Travel: Fayetteville steeped in military history, tradition
FAYETTEVILLE, North Carolina — Any traveler with a penchant for American military history should make a point of visiting this southern North Carolina city, the home of Fort Bragg, the largest military base in the world.
The history of the U.S. armed forces, and the men and women who made that history, are celebrated at many sites throughout the country. Most recently, the impressive $82 million National Veterans Memorial and Museum opened in Columbus, Ohio, last weekend.
But the entire city of Fayetteville is steeped in military history and tradition due, in large part, to the 50,000 military personnel at Fort Bragg.
The city is named for the Marquis de Lafayette, the Frenchman who famously championed the cause of the American Revolution.
Fayetteville had a long history even before it became a center of American military might. A symbol of that early history stands at the heart of Fayetteville’s lively downtown district: The old Market House, built in 1832 and located on the site where state legislators ratified the U.S. Constitution in 1789.
The unusual and attractive building is Fayetteville’s only National Historic Landmark. It faced the wrecking ball until it was saved in 1906 by the newly formed Woman’s Club of Fayetteville, one of the earliest examples of community historic preservation efforts in North Carolina. The building houses a small museum that’s open during the city’s monthly Fourth Fridays downtown celebration.
Another downtown architectural beauty is the restored Cape Fear and Yadkin Valley Railroad Depot. The 128-year-old building now houses the Fayetteville Area Transportation & Local History Museum. Exhibits focus on city history — especially transportation, including what was once a surprisingly robust steamboat trade on the Cape Fear River.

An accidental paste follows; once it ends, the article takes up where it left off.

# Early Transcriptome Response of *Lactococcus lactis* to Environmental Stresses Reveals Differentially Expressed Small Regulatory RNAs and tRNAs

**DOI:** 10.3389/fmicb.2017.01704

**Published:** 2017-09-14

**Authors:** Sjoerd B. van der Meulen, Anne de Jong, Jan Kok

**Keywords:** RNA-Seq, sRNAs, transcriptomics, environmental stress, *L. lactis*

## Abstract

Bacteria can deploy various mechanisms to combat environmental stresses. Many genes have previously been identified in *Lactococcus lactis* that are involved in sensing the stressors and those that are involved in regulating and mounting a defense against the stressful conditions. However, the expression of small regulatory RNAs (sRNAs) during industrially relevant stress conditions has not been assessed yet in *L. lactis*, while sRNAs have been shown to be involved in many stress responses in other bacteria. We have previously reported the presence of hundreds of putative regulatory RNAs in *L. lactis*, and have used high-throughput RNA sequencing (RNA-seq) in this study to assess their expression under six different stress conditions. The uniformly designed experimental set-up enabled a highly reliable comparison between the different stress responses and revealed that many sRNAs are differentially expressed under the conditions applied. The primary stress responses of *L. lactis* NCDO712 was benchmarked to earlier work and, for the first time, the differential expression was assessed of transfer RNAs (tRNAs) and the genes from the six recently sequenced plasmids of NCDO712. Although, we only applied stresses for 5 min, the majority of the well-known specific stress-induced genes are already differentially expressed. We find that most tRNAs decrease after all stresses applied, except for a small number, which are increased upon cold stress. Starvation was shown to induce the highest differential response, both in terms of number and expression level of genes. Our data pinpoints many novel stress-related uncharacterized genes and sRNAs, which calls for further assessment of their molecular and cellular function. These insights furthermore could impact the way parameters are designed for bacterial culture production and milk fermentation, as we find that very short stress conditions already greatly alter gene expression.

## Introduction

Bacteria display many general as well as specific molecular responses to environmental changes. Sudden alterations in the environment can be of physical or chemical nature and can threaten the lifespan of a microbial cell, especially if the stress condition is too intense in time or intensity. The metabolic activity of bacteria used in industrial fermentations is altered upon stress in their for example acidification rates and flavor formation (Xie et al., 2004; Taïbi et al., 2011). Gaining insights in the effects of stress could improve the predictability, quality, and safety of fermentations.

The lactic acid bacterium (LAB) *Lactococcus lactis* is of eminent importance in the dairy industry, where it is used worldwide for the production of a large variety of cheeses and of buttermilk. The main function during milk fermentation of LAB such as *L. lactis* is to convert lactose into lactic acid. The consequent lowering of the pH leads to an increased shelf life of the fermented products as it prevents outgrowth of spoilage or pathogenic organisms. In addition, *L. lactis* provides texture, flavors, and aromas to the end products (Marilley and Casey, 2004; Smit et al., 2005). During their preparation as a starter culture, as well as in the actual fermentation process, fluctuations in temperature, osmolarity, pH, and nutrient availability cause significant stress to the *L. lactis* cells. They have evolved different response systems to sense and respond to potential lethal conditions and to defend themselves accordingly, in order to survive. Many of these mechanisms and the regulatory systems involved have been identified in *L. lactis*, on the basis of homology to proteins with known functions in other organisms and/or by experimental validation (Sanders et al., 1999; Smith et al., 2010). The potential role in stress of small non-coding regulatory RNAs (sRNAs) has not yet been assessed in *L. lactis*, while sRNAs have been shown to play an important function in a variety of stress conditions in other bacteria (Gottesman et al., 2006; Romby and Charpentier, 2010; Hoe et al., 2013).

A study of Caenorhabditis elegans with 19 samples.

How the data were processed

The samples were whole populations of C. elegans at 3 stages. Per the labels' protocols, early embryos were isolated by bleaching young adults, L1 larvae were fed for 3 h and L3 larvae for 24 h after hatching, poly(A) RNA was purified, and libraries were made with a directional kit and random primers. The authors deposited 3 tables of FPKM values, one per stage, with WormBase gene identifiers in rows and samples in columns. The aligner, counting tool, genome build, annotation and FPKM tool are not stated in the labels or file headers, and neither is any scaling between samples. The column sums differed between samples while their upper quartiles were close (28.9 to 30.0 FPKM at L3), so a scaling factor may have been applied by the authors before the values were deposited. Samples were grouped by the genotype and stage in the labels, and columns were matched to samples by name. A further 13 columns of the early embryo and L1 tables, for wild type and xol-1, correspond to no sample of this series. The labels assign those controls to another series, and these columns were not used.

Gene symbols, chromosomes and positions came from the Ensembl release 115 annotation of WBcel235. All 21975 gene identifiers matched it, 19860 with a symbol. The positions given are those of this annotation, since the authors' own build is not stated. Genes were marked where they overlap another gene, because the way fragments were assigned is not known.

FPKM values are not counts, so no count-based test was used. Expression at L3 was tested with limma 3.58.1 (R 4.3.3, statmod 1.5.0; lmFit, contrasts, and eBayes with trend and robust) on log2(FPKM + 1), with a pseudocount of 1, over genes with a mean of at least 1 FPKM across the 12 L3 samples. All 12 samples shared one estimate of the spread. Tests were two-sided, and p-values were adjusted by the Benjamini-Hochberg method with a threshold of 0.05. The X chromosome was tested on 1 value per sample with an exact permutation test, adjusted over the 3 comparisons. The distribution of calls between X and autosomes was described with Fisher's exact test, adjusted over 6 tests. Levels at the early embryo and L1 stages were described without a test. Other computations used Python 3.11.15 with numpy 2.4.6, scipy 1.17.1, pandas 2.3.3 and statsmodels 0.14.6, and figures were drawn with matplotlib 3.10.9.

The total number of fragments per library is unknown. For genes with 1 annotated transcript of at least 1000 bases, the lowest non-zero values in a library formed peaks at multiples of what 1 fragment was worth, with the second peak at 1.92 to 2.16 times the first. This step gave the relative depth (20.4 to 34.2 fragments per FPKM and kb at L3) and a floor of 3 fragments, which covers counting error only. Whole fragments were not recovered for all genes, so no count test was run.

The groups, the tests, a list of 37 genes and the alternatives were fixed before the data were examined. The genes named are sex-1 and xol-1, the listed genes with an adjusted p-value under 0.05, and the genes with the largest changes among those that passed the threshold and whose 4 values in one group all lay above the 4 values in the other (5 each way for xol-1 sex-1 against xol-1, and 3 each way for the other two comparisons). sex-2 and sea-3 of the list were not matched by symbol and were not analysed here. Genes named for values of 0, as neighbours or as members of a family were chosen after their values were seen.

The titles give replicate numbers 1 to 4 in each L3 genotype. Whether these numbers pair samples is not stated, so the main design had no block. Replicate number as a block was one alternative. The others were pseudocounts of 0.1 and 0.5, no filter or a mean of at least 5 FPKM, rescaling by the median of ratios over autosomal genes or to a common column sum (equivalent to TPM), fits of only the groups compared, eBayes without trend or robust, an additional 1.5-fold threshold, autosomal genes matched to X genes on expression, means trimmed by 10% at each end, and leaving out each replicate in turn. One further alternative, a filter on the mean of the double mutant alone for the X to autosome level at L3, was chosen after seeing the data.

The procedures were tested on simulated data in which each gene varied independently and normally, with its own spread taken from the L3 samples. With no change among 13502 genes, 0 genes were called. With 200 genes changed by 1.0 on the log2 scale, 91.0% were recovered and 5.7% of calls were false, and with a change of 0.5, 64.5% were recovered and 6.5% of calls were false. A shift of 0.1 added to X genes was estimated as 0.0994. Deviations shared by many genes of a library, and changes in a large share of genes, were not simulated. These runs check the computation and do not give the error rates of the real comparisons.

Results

Visitors who enjoy nature and gardens should visit the Cape Fear Botanical Garden, 79 acres of pine and hardwood forests along the Cape Fear River. The garden includes natural areas showcasing indigenous plants and more than 2,000 varieties of ornamental plants in areas that feature daylily, camellia and hosta display gardens.
Any visit to Fayetteville, though, will likely focus on the city’s military history and memorials. And that should probably include a visit to the city inside the city, Fort Bragg.
American citizens with a valid ID can stop by the fort’s main gate for a brief security check to get a base pass good for one year.
Fort Bragg is home to the U.S. Army John F. Kennedy Special Warfare Center and School and also to the JFK Special Warfare Museum, established in 1963.
The small museum explores the history of the force known as the Green Berets and also delves into unconventional warfare going back to the French and Indian Wars. Visitors will see unusual mementos from World War II and Vietnam such as Barney the Malayan sun bear who was discovered by U.S. troops in Vietnam and became the mascot of a Special Forces unit. (Barney eventually came back to the U.S. and lived at Fort Bragg for several years until he died and was stuffed.)
Fort Bragg is also the home of the 82nd Airborne Division and the division’s War Memorial Museum. The 82nd, the "All-American Division," the first American airborne division, was created in 1917. The museum follows the unit’s heroic exploits from its creation through World War II, Vietnam, the Persian Gulf and into the present.
Back in downtown Fayetteville is North Carolina Veterans Park, a beautiful tribute to military veterans, especially those from the Tar Heel State.
I have visited many veterans’ memorials around this great land of ours, and I think that the North Carolina Veterans Park is truly one of the best to be found outside Washington, D.C.
Visitors walk through pillars representing each county of the state. Each pillar contains casts of the hands of individual veterans from that county, many of them showing signs of scars and wounds suffered in past conflicts.
Monuments pay tribute to all five branches of the armed services. Interesting and tasteful sculptures, some incorporating military artifacts such as airplane parts, dot the large park.
Adjacent to the park is the gem of Fayetteville’s military museums, the Airborne & Special Operations Museum.
The large museum explains the mission and history of America’s parachute and glider-borne troops and special-operation forces using state-of-the-art exhibits, audio and video displays, interactive exhibits and life-size dioramas.
At one point in the museum, visitors walk through dimly lit "streets" resembling those of small villages in Normandy during the D-Day invasion of June 6, 1944. Overhead, a full-size C-47 "Skytrain" airplane hangs from the ceiling with a parachute trooper preparing for a jump.
I found the effect very stirring, as I did many of my stops in Fayetteville.
IF YOU GO
This city in southeastern North Carolina is home to Fort Bragg, the world's largest military base. Visitors will find plenty of interesting sites paying tribute to or exploring the region's military history and traditions.